The Pauli Exclusion Principle In Real Life
Saying Yes and Saying No Simultaneously
Physics has some curious things we can use in everyday life without any equations.
One of this thing is a principle from the quantum world described by Wolfgang Pauli in 1925.
It’s called The Pauli Exclusion Principle and its definition in physics language says:
The quantum mechanical principle that states that two identical fermions (electrons, protons) cannot occupy the same quantum state simultaneously.
Henry from Minute Physics said the same as:
Electrons despise alikeness so much, in fact, that the universe is forbidden from summoning two or more into the same quantum state.
When I first read about this principle, I thought that it could be used in the human world too.
Of course, we should reformulate it because apparently we are not particles. And it couldn’t obviously be exactly the same because we are living in the macro world.
To start, let’s imagine an artist (or it could be you or an abstract spherical human in a vacuum) who is drawing a picture.
He’s mixing colors and creating shapes, forms and lines in his head. He should create a story behind the picture as well. Maybe he would create a new world with different laws of physics or something completely different.
When he’s drawing, he could do some small task at the same time like drinking tea or answering the phone or talking to somebody — often, it’s not great distractions at all. Sometimes, it may even help.
But could he create another picture in his head or even draw it simultaneously with the first one?
Often, the answer is no. He needs all his concentration for this process. He could do only one picture in his head at a time.
This applies to all — human being can write only one article or can perceive only one important thing or can be in only one place at a time.
And this is not a bad thing because we are good at it.
This is happening because our brain is very efficient at saving energy and it always tries to save energy because thinking is a very energy consuming task.
We evolved as species who can concentrate only at one task at a time.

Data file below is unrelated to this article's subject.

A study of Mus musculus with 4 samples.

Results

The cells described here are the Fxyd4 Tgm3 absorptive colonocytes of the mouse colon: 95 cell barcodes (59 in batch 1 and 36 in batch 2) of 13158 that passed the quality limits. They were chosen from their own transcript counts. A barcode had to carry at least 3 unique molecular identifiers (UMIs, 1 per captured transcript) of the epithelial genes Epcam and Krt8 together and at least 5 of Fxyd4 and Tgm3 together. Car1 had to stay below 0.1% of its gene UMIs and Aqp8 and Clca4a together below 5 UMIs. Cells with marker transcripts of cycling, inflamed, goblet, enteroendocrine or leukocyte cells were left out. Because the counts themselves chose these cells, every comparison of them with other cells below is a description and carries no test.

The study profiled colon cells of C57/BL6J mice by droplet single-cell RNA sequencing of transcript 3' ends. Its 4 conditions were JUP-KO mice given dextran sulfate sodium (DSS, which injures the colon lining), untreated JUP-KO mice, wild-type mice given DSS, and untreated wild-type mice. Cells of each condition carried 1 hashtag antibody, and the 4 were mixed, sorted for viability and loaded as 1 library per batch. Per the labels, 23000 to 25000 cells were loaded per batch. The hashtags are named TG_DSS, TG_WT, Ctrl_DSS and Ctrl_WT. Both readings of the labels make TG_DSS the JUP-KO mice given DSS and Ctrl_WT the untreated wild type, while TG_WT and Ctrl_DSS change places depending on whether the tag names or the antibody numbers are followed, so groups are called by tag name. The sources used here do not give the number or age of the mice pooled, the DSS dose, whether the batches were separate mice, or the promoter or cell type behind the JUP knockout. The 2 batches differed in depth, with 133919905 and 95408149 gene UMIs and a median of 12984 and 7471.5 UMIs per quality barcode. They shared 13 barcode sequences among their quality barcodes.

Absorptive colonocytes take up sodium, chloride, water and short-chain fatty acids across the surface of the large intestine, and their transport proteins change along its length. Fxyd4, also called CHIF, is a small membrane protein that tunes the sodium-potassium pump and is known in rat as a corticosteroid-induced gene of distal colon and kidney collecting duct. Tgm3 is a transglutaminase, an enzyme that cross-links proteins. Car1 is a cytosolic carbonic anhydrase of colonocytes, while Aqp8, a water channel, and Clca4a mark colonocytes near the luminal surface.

And I can say, we can do it amazingly well.
On the other hand, multitasking is not actually a cool thing as we humans like to think and permanently try to be a multitask person because it’s like being a superhero with super intelligent.
Unfortunately, it’s not that simple. As Faora-Ul from the movie “Man of Steel” said: “If history had proved anything it is that evolution always wins”.
I’m not talking about small tasks here like talking and cooking at once. It’s about complex tasks like creating a picture or writing an article.
In human terms, multitasking is very inefficient, could cause tiredness, dizziness and could even lower human IQ.
But single-tasking is not the whole picture here.
It’s also about something more, something from everyday life, something that every human do every single day — saying yes and saying no.
You could say yes to everything but could you really enjoy all things simultaneously? Could you enjoy talking with a friend, watching a movie and reading a book at once?
Warren Buffet once said:
The difference between successful people and really successful people is that really successful people say no to almost everything.
Early I mentioned that we need to reformulate this principle to be able to apply it in the human world.
So our new principle derived from the original Pauli principle could be defined like this:
Human can’t be in the different state simultaneously.
When you say “Yes” to something, you simultaneously say “No” to myriads of other things.